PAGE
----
At Close Range(5)

By: Laura Griffin


Ric watched her steadily, and Dani felt the heavy weight of his expectations. Shit.

“Fine, I’ll do it,” she said.

As if she had a choice.

He clamped a hand on her shoulder. “Relax, okay? We wouldn’t ask you if you couldn’t handle it.”

Sure they would.

“Don’t worry, you’re a natural,” he added. “It’s in your blood.”

Dani gave him a long look, trying not to get offended. It was no secret that some people thought she’d made detective through favoritism and not merit. Dani’s dad had been a cop, her oldest brother was a cop, and her other brother was a prosecutor with the DA’s office.

But Ric knew better than anyone else that she’d worked her ass off to make detective, so his comment probably wasn’t a jab. She was just being cranky.

“Where are we on the female victim?” he asked now. “We get an ID?”

She took a deep breath and tried to clear her mind. Holy hell, she was the lead investigator. She had to know everything, down to the last detail. Ayers had been positively identified, but the woman was still a mystery.

“At this point, no clue.” Dani pictured her on the autopsy table and stifled a shudder. “No ID with the car or the personal effects. No phone. No identifying scars or tattoos. According to the ME’s office, her prints aren’t in the system, and still no missing person’s report. Dr. Froehlich believes she’s late twenties, but that’s about all he’d venture to say at this point. He might have more in the formal report.” Dani paused. “You sure the wife doesn’t know who she is?”

Ric and Jasper had gone over there in the middle of the night to notify her.

“She said she doesn’t.” Ric rubbed the stubble on his chin. “I’ve got some other ideas, though. Let me keep working on that angle. Meantime, Reynolds wants you at the Delphi Center.”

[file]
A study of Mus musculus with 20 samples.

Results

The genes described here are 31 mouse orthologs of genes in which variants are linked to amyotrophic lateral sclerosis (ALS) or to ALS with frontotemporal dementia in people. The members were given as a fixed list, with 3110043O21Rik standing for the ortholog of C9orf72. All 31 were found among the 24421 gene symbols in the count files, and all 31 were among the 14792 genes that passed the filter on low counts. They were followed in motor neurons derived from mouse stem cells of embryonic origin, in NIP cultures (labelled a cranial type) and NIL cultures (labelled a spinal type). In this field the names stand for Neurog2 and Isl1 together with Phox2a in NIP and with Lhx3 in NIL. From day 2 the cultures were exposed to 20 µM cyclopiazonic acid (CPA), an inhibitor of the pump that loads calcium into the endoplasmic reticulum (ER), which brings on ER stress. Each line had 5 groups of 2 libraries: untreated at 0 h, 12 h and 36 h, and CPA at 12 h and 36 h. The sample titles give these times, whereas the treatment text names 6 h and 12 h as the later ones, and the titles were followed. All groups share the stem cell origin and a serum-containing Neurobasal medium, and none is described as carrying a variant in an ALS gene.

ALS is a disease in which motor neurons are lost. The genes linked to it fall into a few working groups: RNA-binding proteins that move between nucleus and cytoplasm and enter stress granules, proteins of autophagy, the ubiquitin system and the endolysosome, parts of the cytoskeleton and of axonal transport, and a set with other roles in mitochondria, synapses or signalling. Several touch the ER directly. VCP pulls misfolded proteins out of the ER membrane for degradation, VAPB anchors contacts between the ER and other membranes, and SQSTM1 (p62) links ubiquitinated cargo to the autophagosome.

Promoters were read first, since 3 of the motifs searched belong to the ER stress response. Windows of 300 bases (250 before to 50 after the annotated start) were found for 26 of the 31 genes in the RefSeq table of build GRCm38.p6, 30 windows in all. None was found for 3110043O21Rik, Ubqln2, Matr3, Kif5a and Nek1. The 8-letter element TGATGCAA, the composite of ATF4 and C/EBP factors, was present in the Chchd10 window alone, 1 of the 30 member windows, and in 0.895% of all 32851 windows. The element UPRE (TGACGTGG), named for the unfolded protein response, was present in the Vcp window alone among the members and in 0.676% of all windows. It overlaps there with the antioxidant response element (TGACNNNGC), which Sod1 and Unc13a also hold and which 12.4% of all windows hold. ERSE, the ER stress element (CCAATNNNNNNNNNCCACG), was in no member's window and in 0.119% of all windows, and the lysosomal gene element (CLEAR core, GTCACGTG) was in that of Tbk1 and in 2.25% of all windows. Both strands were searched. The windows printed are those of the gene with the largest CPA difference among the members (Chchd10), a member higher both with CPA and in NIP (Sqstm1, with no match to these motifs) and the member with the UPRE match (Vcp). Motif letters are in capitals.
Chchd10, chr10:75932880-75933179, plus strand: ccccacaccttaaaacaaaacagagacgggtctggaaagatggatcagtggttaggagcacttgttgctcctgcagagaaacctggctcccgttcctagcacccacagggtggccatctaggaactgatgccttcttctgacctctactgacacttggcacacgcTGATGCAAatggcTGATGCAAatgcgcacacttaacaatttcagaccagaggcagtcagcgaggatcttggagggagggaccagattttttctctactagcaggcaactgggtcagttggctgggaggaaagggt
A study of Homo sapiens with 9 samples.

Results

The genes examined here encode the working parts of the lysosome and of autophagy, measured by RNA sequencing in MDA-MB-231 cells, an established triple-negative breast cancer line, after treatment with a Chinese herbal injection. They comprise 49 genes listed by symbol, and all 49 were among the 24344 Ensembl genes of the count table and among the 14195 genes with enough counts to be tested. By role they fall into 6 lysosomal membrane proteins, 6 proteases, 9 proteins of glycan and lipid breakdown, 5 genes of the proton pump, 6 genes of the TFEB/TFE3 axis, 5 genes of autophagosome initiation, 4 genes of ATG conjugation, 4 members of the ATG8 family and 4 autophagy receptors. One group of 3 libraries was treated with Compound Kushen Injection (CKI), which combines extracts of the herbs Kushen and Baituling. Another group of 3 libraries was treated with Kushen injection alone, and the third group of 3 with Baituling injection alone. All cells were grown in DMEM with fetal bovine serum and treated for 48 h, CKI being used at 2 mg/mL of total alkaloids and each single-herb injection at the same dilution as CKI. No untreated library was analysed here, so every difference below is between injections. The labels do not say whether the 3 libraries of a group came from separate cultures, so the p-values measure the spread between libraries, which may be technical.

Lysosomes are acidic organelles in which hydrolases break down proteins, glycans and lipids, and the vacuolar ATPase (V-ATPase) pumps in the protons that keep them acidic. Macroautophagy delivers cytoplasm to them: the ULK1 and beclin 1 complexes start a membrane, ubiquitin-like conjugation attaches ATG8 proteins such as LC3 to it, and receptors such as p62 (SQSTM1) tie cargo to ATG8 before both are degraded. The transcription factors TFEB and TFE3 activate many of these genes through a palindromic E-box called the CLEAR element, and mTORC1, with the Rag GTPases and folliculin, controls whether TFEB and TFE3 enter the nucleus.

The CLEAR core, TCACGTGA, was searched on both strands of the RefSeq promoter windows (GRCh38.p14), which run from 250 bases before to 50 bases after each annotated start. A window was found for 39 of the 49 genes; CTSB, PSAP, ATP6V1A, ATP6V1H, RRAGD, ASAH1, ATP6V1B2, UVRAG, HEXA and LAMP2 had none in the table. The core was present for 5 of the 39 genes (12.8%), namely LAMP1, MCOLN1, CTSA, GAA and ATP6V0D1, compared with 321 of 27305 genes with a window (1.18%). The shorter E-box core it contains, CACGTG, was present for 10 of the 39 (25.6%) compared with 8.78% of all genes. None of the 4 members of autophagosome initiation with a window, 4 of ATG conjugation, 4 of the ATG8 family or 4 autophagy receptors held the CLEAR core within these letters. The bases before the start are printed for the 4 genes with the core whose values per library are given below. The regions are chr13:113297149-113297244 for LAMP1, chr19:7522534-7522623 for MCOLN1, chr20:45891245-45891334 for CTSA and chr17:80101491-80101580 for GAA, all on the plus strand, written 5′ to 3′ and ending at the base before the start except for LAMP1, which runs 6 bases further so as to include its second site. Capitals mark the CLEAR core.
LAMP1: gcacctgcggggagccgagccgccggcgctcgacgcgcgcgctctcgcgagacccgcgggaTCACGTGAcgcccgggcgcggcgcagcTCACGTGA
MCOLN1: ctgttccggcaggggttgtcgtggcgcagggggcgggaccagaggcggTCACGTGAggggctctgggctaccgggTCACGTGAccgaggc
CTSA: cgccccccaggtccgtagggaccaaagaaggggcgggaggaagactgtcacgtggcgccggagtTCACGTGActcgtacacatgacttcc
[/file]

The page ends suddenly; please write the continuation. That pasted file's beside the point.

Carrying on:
She glanced at the building. “Doesn’t he want an update first? That’s why I came in.”

“I’ll update him. He needs you at the lab, lighting a fire under those people. All the evidence from the scene, we need it turned around ASAP.”

• • •

The Delphi Center occupied land that had once been a working ranch before it was donated as the building site for the nation’s largest private forensics laboratory. The lab was staffed by scientists called Tracers, who specialized in practically every forensic discipline under the sun.

After showing her ID at the security gate, Dani curved her way up the drive. The Greek-style building was surrounded on all sides by junipers and cedars and giant oak trees. Oh, and corpses, too. She couldn’t forget that. In addition to a world-class crime lab, the Delphi Center was home to a decomposition research center—also known as a body farm.

Dani spied a group of people in white coveralls clustered beside a pit. They knelt in the dirt, toiling under the relentless July sun. Despite the hot and stinky working conditions, they were lucky to be here, and they knew it. Students from the nearby university sat on waiting lists for years to learn bone excavation from one of the country’s top forensic anthropologists.

Dr. Kelsey Quinn glanced up from her work, and Dani waved but didn’t slow down. No time to stop and chat, and she’d had more than enough gore for one day.

At the front desk, Dani picked up a visitor’s badge and went straight to the back of the building, which housed the garage. The cavernous room could have fit a small plane, but right now it was all cars. Dani was glad to see the silver Accord in the center of everything and Roland standing beside it.

As she walked over, he glanced up. “I was beginning to think you forgot about us.”

“I was at the ME’s.”

Roland made a face and reached for a Slurpee on a nearby table. He took a big sip and offered her some.

“I’m good, thanks.”

With his gray coveralls, muscular build, and tattooed forearms, he looked more like a mechanic than a science geek, but Dani happened to know he had a master’s degree in criminalistics.

“We’ve been working since seven,” he said.

She glanced across the room at Brooke Porter, another one of Delphi’s trace-evidence experts. Brooke was hunched over a worktable with earbuds stuffed in her ears and didn’t look up.